My father only had one new car in his life, a 1964 Rambler American. Most of our cars were not just used, but barely operable wrecks. Once they bought one for five dollars, but it came without tires, so it probably cost almost a whole hundred dollars by the time they got it on the road.
But the time came that my father’s business was going well enough and my mother had started her teaching career that buying a new car finally seemed both feasible and acceptable.
There were a number of trips to the Rambler dealer and much serious discussion about such a major purchase, nearly $2,000.
A 1964 Rambler American is listed at the least expensive car on the market at the time, and I am pretty sure he got the base model. We ordered it and waited weeks for word that it had arrived.
It was flat grey, but the interior was bright red and very sexy.
It was so quiet that my father heard just one ticking sound and was delighted to find that it was the clock. It was the only car we ever had where the clock actually worked and, not being digital, it ticked. He loved that. He wanted to write an ad for Rambler about the fact that the noisiest thing in a new Rambler was the clock ticking.
My mother hatched the idea that my father and I should go on a break-in drive together. In those days it was thought that a 500 mile break-in drive was required.
I suspect that the trip was fomented by my mother because she could sense that my relationship with my father was getting tenuous and some forced bonding might help.
The Corning glass museum in western New York State was our chosen destination.
The trip didn’t help, didn’t hurt, but left me with some vivid memories.
We stopped for dinner at a Howard Johnson restaurant somewhere near Elmira, New York. Elmira happens to be a town where Mark Twain lived and wrote some of his best work, but our waitress just called it “Crazy Elmiry”.
We were sitting quietly at our table when an old man came up to us, walking very gingerly. He said, “Excuse me, but I wonder if you could do me a favor?”
He then proceeded to explain that he wanted to get married – right then – but needed a witness to go with him and his bride-to-be to the Justice of the Peace. Would my father be his witness?
I think we both immediately wondered how this could be the beginning of some sort of scam, but we couldn’t picture this gentle, apologetic, old fellow being the point man of a scam. And I seem to recall that his fiancee was standing a few paces off to the side, also looking extremely harmless.
So my father said yes, and as soon as we finished dinner and paid we got in the Rambler and followed them down the street to the house of the Justice of the Peace.
We all went inside and the JP got out his official papers and everyone signed. Then his wife went over to the TV where I Love Lucy was playing and she carefully turned the volume all the way down. During the very brief ceremony I could not help glancing over to see what Lucy was up to on that old black and white floor model TV.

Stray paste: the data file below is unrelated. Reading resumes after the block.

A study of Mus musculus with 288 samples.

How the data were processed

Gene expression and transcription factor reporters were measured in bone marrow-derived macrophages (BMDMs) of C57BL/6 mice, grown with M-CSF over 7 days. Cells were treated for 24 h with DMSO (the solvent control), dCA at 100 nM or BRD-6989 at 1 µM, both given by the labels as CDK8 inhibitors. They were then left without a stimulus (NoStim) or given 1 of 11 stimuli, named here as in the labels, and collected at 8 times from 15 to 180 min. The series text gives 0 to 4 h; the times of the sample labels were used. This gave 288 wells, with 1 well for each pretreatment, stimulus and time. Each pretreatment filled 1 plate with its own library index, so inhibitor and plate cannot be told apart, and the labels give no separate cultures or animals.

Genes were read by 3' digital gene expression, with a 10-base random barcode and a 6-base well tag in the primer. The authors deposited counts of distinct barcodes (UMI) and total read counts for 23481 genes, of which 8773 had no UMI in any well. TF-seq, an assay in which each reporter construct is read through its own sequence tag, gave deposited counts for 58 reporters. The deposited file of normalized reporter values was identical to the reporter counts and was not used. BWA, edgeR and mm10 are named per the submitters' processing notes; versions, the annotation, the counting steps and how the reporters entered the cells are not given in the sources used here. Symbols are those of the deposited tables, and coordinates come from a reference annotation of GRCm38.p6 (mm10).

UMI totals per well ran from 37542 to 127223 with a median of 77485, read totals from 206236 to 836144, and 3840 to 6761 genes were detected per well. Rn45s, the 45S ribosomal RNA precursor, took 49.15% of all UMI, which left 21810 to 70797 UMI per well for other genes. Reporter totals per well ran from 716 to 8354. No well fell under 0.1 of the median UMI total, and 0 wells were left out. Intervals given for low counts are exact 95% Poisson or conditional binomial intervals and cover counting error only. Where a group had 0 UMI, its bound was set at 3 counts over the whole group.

The happy couple lined up in front of the JP and his wife, who was also the other witness, the JP read the proper words, the couple said “I do”, gave each other a gentle, quiet kiss and that was that.
We wished them luck and went back to our car and back to our motel, might have been that same Howard Johnson. We mused about what the story might be that caused this very old couple to get married that way, with no family, just two strangers. We wondered if it was a practical solution to a problem or purely romantic.
The Corning Museum was terrific, and probably still makes for a great visit. We had also visited the Howe Caverns, which was cool and creepy but also memorable.
But on the way home we saw a roadside attraction called The Woodland Museum. Seemed funky and interesting with outdoor animal exhibits so we stopped to visit. But there was something very sad and run down about the place. It had just rained and the puddles and dampness added to that mood.
I don’t know for sure about my father’s reaction, but for me a great feeling of sadness came over me as we drove away, and that feeling stayed with me all the way home.
I would guess that we spoke a bit about the Woodland Museum, perhaps commenting that it wasn’t much of a place to visit.
But I think that the failings of that fading roadside attraction must have melded with our own senses of failures and losses, because I think we were both shrouded in sadness until we got home where my mother, with her great warmth, pulled us out of our dampness and sadness.
After my father died in 1970 –a large and awful story of cancer that I have not yet had the grit to write about – the 64 Rambler became my own car. I drove many times from Boston to Mahopac to spend time with my grieving mother. I drove it until the drive shaft came loose; it was likely the universal joint had broken.
I had replaced the clutch on that car so replacing a universal joint was not a big deal. But while it was parked outside a friend’s apartment in Somerville, kids broke into it and sliced up those red leather seats.
So I never went back to it and it was eventually towed away, hardly a fitting end to the only new car my father ever bought.